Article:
Over the last two days the numbers for the Index of Industrial Production (IIP), exports and bank credit were reported and, on the face of it, they look disappointing. However, a deeper look shows the long-term growth trend is intact and, in fact, all the key indicators point to the possibility that the growth slowdown is also over and the economy is getting ready for the next growth phase.
To understand this better we need to look at the economic and market recovery during 2009 after the great bear market of 2008. During that time, equity markets started to make new intermediate highs in the April-June 2009 period in anticipation of the upcoming growth phase later in the year (which did materialize). These intermediate highs were accompanied with huge increases in foreign institutional investor (FII) inflows, even as IIP, bank credit and exports were tracing negative year-over-year (YoY) growth numbers.
Refer to my analysis of December 2011 (Macro-Technicals Point to a Possible Bottom) in which I talked about a possible bottom and the indicators for the same. My analysis shows that an economic recovery is preceded by falling inflation and a rise in commodity prices after making new lows as well as a rise in U.S. 10-year yields after making new lows. And that equity markets would continue to make new intermediate highs even as IIP and exports trace negative YoY growth numbers and bank credit YoY growth continues to fall.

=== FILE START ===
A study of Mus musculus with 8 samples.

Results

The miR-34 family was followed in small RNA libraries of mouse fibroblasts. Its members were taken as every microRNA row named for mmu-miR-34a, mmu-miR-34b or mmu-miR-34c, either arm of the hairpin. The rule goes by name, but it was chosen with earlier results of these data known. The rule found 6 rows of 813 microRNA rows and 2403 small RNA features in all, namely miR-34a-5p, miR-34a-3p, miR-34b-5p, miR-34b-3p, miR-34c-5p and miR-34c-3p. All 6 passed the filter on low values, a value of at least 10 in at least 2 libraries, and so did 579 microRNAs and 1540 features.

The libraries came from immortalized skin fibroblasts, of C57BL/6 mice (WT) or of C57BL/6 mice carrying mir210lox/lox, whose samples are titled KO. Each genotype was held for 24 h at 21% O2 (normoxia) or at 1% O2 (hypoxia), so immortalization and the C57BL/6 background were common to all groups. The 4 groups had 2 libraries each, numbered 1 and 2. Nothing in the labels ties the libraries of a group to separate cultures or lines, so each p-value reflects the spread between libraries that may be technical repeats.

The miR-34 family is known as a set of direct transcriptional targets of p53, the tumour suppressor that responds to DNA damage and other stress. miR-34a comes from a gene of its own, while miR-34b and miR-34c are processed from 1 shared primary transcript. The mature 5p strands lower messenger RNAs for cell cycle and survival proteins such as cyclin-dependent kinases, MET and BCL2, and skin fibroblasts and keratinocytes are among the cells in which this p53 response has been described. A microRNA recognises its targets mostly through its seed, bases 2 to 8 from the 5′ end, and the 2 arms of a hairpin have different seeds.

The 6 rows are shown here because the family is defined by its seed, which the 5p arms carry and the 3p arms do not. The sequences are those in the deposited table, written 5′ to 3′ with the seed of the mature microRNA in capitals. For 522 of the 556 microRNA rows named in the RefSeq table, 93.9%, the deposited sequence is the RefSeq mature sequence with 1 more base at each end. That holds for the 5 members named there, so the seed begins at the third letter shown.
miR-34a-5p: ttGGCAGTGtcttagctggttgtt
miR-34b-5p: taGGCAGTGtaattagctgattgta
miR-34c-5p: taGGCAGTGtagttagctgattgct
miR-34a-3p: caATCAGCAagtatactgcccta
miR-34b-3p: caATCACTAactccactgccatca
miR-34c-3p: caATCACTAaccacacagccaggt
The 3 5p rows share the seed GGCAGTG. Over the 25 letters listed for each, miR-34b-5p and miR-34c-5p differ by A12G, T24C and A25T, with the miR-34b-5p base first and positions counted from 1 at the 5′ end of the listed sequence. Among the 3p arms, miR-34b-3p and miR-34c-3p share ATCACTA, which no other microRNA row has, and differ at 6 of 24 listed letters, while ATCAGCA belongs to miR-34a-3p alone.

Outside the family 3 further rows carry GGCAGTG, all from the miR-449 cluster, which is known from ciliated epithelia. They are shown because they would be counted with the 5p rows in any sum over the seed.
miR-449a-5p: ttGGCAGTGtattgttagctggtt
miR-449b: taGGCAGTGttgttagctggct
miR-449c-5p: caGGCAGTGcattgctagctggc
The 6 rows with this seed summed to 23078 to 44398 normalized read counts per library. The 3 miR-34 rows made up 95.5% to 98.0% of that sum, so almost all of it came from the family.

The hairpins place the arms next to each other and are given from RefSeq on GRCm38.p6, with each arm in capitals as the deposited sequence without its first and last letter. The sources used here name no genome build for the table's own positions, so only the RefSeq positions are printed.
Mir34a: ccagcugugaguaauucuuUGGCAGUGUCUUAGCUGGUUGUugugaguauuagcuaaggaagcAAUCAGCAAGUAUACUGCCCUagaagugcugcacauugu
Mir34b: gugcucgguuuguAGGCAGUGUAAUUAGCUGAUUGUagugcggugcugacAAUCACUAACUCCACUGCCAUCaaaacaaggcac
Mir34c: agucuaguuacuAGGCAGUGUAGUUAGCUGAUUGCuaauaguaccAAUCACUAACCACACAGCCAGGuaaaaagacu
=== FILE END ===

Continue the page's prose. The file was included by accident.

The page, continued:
It is exactly the same recovery pattern that is being traced out now, with equity markets making new intermediate highs, a sharp increase in FII flows, falling wholesale inflation, a rise in commodity prices after new lows and a rise in U.S. 10-year yields after making major lows.
In fact, the growth numbers for IIP, exports and bank credit being posted now are far better than during the economic and market recovery of 2009. For instance, exports are down 9.7% now compared to the minus 35% during the market recovery of 2009. As for bank credit growth, it is at 17% now compared to 15% during the 2009 recovery. In fact, bank credit growth went down to 10% later in 2009 even as equity markets continued to make new intermediate highs. As for IIP, it is running at around 1% now compared to minus 2% during 2009.
The only cause for a concern is a fall in corporate profitability in the June 2012 quarter after tracing a recovery pattern in prior quarters. Overall economic recovery is typically preceded by a slight improvement in corporate profitability numbers and hence the concern. The silver lining here is that most key sectors – including banking, software and consumer goods – showed a rising profitability trend with overall corporate performance numbers being pulled down by infrastructure-related industries, primarily energy and steel. Keep in mind though that infrastructure sectors typically start to recover only when recoveries in the banking and consumer sectors are well-established. The extraordinarily poor numbers in energy and steel were driven by environmental regulatory issues and the banning of iron ore mining in certain states. With the ban already lifted in Karnataka, I believe these issues are transitory and the worst case is that the beginning of the next growth phase might get pushed back by a quarter or two.
In conclusion, there is no cause for concern around the recently released numbers for IIP, exports and bank credit even though on the surface they might sound disappointing. Most of the economy- and market-related indicators are pointing toward the economic recovery picking up pace and the equity markets continuing to make new intermediate highs.